Here is Obama's statement about Honduras:
PRESIDENT OBAMA: Well, let me first of all speak about the coup in Honduras, because this was a topic of conversation between myself and President Uribe.It is nice at least that he openly calls it a coup, and is clear about not recognizing any other government.
All of us have great concerns about what's taken place there. President Zelaya was democratically elected. He had not yet completed his term. We believe that the coup was not legal and that President Zelaya remains the President of Honduras, the democratically elected President there. In that we have joined all the countries in the region, including Colombia and the Organization of American States.
I think it's -- it would be a terrible precedent if we start moving backwards into the era in which we are seeing military coups as a means of political transition rather than democratic elections. The region has made enormous progress over the last 20 years in establishing democratic traditions in Central America and Latin America. We don't want to go back to a dark past. The United States has not always stood as it should with some of these fledgling democracies, but over the last several years, I think both Republicans and Democrats in the United States have recognized that we always want to stand with democracy, even if the results don't always mean that the leaders of those countries are favorable towards the United States. And that is a tradition that we want to continue.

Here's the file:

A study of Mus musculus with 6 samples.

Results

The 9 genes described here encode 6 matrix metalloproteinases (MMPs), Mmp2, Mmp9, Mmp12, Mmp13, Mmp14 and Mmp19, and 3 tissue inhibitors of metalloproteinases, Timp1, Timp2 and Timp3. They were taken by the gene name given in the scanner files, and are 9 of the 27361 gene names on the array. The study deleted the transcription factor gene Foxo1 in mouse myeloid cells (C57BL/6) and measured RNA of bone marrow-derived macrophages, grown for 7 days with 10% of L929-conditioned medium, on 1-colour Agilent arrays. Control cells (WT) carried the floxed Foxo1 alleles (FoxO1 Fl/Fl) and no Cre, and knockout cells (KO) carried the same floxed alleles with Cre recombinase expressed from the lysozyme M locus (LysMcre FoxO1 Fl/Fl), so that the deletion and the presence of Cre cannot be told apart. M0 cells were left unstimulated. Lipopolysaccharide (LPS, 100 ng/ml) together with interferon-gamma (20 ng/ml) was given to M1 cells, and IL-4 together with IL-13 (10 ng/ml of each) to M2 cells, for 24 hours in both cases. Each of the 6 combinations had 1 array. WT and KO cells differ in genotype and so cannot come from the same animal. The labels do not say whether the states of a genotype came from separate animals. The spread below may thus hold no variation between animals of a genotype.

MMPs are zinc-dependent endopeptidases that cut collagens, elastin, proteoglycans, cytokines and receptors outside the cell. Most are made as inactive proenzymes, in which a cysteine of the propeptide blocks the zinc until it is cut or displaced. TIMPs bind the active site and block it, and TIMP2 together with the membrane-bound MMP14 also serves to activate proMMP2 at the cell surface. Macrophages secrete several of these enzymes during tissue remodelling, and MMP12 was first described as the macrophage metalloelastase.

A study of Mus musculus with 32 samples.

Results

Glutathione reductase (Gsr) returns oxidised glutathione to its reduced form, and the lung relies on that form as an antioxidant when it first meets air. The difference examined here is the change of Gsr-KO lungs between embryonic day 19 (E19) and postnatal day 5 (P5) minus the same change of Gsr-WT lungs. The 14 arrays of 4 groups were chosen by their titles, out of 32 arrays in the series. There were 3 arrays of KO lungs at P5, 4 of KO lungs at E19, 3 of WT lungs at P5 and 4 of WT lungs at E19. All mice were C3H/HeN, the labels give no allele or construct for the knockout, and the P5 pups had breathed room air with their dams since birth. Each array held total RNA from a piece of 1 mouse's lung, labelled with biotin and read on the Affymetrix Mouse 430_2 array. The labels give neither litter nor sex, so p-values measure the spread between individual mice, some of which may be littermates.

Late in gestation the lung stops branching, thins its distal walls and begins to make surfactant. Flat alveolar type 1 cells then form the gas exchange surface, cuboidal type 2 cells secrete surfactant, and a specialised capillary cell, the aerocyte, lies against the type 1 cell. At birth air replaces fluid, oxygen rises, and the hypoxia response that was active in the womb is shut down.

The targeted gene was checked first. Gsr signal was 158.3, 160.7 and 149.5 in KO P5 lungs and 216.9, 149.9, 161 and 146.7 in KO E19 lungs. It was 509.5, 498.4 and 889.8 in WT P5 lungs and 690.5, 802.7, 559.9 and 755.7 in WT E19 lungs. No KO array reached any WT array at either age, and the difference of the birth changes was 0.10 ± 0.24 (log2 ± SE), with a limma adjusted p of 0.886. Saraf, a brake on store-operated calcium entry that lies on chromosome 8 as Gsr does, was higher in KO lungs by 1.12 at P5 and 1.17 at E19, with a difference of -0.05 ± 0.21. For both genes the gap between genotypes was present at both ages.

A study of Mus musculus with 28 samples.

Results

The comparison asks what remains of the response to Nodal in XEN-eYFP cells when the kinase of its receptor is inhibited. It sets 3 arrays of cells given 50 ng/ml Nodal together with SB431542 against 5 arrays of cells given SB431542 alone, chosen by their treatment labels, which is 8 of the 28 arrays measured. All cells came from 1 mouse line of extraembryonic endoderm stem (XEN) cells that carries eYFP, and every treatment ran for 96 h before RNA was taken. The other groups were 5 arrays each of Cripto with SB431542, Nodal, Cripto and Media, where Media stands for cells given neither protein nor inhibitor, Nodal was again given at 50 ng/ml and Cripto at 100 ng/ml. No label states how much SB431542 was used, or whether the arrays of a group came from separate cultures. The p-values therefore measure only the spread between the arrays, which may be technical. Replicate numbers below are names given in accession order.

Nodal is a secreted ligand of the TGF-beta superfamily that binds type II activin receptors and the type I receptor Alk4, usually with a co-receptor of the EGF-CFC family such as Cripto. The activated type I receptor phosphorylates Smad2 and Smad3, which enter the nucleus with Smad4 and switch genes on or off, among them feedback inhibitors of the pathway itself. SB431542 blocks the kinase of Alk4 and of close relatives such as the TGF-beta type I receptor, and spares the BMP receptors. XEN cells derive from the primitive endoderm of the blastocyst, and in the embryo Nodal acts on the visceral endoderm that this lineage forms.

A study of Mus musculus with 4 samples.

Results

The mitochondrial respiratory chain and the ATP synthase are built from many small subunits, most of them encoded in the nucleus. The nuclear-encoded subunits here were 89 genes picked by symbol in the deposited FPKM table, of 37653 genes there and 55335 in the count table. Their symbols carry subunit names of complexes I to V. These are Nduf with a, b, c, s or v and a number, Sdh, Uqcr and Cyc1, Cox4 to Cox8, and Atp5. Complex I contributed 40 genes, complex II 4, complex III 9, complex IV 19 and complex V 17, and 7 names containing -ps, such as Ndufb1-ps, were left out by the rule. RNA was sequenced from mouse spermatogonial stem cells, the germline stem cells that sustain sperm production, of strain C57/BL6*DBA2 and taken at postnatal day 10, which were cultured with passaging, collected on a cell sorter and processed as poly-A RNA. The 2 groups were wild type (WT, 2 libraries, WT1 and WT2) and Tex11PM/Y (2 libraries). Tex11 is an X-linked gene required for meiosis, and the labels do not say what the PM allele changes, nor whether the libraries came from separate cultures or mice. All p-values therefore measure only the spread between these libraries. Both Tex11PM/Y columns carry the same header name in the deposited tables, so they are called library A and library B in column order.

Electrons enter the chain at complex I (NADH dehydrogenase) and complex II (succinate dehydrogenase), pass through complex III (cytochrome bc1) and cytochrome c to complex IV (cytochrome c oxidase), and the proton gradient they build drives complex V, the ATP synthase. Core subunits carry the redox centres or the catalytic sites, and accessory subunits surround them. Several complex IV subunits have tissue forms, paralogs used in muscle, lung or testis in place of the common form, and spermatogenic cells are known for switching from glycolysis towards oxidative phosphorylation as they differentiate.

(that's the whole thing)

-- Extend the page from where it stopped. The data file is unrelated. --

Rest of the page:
So we are very clear about the fact that President Zelaya is the democratically elected President, and we will work with the regional organizations like OAS and with other international institutions to see if we can resolve this in a peaceful way.
The U.S. has been careful not to call for Zelaya's return, however, which keeps the options open for some sort of negotiated solution that does not involve him remaining president. It is very hard to see how that work in practice. Update--see comments, as this is not accurate.